SD Highway Patrol seeks relief from school-bus inspectionsA measure moving through the Legislature would allow the Highway Patrol to approve other people to perform the inspections.
By: Bob Mercer, Republic Capitol Bureau
PIERRE — The Highway Patrol doesn’t want to remain the only provider of safety inspections for school buses and public transit buses in South Dakota.
A measure moving through the Legislature would allow the Highway Patrol to approve other people to perform the inspections.
The Senate Transportation Committee recommended the change Wednesday.
The legislation, SB 41, now goes to the full Senate for debate, possibly as soon as Friday afternoon.
The change would open the door for people from bus companies, school districts, maintenance garages and other organizations to become trained and approved by the Highway Patrol.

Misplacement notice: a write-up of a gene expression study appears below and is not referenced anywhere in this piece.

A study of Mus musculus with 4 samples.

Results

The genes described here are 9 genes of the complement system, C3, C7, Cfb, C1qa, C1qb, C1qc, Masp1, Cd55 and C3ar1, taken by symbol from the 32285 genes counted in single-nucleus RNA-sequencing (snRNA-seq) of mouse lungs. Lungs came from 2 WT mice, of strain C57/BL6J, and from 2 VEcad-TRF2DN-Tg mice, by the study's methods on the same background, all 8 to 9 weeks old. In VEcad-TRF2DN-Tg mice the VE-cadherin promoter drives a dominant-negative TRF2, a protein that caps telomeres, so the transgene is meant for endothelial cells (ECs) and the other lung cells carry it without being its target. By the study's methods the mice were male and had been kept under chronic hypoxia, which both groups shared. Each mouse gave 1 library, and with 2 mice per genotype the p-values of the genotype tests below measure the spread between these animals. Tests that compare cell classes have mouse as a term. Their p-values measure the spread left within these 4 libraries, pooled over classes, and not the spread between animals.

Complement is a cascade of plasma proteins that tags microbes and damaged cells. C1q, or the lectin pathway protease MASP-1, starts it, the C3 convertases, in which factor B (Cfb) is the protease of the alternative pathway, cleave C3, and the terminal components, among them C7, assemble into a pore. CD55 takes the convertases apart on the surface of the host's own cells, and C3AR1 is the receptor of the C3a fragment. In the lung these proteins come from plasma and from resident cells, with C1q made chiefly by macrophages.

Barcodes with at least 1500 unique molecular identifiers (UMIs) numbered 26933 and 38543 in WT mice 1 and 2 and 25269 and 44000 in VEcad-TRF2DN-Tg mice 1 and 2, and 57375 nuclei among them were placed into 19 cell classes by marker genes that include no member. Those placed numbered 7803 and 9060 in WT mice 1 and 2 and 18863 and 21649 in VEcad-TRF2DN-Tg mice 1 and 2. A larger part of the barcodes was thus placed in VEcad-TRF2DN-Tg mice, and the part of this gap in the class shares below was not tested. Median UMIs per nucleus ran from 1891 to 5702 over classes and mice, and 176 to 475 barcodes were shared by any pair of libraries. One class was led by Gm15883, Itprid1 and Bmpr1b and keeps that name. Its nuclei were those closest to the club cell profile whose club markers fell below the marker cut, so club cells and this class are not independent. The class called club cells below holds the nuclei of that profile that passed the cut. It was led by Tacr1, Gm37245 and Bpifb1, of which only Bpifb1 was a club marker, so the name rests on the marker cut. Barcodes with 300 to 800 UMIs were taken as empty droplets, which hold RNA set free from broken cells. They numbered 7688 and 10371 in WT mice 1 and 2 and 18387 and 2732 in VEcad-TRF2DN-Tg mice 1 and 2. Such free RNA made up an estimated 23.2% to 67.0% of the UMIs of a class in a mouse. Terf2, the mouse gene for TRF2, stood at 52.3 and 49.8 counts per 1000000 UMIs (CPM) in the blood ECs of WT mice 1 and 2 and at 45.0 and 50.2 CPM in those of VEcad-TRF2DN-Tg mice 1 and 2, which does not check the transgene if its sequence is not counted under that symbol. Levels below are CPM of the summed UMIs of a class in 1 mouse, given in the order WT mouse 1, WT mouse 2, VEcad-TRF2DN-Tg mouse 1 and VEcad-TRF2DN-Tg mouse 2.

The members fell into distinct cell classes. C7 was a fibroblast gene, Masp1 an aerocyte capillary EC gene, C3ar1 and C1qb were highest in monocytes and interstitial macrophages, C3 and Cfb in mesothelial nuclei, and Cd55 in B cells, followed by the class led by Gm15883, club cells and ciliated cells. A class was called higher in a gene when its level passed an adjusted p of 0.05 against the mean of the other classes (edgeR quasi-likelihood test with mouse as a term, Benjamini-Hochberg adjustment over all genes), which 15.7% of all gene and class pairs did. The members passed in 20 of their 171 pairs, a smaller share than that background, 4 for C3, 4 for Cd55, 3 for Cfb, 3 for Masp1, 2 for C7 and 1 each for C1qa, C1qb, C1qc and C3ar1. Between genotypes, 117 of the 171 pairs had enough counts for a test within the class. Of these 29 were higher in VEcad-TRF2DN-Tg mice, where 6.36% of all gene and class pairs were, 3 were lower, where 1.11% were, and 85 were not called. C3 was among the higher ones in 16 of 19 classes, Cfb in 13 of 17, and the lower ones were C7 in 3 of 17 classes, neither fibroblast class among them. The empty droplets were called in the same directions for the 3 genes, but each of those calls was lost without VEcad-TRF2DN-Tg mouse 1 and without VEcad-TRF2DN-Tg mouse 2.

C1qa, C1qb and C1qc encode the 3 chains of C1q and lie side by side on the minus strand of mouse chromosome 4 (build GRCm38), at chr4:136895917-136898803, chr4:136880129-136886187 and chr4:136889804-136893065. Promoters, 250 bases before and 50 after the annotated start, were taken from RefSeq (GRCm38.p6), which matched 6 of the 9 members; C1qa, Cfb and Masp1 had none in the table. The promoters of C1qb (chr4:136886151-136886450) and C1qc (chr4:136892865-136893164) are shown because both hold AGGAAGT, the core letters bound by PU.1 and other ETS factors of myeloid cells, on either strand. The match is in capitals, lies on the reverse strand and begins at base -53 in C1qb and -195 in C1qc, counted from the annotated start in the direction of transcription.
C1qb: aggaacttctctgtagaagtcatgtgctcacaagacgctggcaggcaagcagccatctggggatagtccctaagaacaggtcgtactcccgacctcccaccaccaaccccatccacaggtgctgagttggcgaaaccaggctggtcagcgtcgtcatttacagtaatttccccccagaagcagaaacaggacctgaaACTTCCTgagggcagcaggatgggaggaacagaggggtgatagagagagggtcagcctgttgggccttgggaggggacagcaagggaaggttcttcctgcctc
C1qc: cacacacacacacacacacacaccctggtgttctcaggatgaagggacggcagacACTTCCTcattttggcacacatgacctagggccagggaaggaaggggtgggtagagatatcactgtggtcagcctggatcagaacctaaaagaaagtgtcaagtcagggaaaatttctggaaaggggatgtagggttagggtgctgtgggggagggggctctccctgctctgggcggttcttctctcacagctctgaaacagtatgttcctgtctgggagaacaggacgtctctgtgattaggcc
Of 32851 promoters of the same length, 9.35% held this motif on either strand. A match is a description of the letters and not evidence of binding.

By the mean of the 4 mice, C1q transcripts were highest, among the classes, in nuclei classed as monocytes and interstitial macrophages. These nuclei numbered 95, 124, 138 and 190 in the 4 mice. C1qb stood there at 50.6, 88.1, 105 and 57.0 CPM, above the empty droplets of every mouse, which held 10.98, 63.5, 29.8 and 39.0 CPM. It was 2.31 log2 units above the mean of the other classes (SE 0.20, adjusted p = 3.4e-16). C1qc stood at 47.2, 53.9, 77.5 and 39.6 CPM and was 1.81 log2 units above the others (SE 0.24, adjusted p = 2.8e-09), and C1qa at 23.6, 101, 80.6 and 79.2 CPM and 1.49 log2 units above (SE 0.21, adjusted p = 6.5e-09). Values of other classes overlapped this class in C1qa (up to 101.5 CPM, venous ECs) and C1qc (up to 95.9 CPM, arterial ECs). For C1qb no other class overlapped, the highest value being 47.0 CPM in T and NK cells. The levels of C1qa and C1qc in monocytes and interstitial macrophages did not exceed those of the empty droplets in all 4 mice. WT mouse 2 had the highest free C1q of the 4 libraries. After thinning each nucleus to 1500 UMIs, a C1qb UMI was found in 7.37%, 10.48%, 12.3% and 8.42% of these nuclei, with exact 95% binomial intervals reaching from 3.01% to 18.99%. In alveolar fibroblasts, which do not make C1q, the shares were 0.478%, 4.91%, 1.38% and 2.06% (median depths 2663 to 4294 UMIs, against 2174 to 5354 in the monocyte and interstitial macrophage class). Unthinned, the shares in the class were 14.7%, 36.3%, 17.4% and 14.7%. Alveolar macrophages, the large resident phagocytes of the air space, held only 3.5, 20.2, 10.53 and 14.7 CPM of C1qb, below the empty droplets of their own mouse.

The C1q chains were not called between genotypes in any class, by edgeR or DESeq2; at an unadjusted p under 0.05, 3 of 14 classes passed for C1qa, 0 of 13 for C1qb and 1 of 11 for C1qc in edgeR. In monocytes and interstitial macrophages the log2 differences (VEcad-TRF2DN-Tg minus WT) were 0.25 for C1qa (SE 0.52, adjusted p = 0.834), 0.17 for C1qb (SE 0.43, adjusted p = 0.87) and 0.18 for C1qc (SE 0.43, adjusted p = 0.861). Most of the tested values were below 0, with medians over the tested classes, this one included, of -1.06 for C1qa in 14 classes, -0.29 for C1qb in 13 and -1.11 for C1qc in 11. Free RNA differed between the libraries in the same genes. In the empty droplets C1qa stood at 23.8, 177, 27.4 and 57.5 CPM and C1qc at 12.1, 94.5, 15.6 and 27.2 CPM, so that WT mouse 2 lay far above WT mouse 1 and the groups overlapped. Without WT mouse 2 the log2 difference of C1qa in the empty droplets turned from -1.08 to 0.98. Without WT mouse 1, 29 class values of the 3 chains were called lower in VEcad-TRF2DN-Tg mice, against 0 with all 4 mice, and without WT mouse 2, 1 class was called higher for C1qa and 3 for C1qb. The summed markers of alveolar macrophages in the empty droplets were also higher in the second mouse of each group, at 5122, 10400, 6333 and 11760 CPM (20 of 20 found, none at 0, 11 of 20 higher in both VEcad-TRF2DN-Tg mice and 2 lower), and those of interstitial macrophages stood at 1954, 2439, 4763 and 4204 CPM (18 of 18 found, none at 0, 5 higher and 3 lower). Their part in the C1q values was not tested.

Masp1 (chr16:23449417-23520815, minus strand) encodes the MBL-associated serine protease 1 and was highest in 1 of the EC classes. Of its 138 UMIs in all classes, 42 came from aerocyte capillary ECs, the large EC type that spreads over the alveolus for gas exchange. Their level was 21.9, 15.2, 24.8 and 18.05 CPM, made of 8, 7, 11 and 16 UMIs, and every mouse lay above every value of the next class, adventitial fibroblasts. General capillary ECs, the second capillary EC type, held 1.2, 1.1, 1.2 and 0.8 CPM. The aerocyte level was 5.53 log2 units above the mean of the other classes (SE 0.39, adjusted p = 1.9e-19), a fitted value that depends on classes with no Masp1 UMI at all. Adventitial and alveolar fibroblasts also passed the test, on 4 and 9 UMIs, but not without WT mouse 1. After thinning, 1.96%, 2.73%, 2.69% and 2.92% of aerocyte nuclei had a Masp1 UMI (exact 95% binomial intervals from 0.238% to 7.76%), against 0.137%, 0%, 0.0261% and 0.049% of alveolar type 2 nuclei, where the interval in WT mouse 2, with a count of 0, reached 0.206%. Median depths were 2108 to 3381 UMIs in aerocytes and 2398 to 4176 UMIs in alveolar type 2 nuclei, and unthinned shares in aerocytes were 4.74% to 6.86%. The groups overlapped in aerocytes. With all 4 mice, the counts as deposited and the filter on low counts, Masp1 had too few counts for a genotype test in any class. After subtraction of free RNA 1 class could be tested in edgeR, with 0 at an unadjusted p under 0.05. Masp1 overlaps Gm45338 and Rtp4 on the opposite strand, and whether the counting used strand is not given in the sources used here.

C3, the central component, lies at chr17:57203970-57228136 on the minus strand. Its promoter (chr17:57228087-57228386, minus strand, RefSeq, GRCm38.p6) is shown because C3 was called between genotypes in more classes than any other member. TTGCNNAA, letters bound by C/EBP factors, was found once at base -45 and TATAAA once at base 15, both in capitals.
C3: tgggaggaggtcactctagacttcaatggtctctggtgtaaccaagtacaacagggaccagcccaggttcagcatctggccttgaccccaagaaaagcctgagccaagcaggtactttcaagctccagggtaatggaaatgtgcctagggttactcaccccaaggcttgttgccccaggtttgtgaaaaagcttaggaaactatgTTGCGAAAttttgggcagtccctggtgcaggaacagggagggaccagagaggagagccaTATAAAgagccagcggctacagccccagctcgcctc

John Broers, a captain for the patrol’s motor carrier division, said the inspections get crammed into June and July.
“Approximately 1,700 is what we do each summer, in about a three-week period,” he said.
Law enforcement shifts attention to the Sturgis motorcycle rally and races in early August, leaving little time for re-inspections before many school districts begin classes later in the month.
The Highway Patrol will provide training and its manuals to inspectors.
“There are a surprisingly large amount of rules a school bus has to comply with,” Broers said. “These folks are more than qualified. They have their facilities and they have the wherewithal to complete the inspections.”
School districts can tap into each other’s services, he said, and the Highway Patrol will remain available.
“We’re not getting out of the business. We’re allowing more people in,” he said.
Tim Steichen, of the South Dakota School Transportation Association, said the group’s members generally support the change and will be involved in the Highway Patrol’s rule-making process.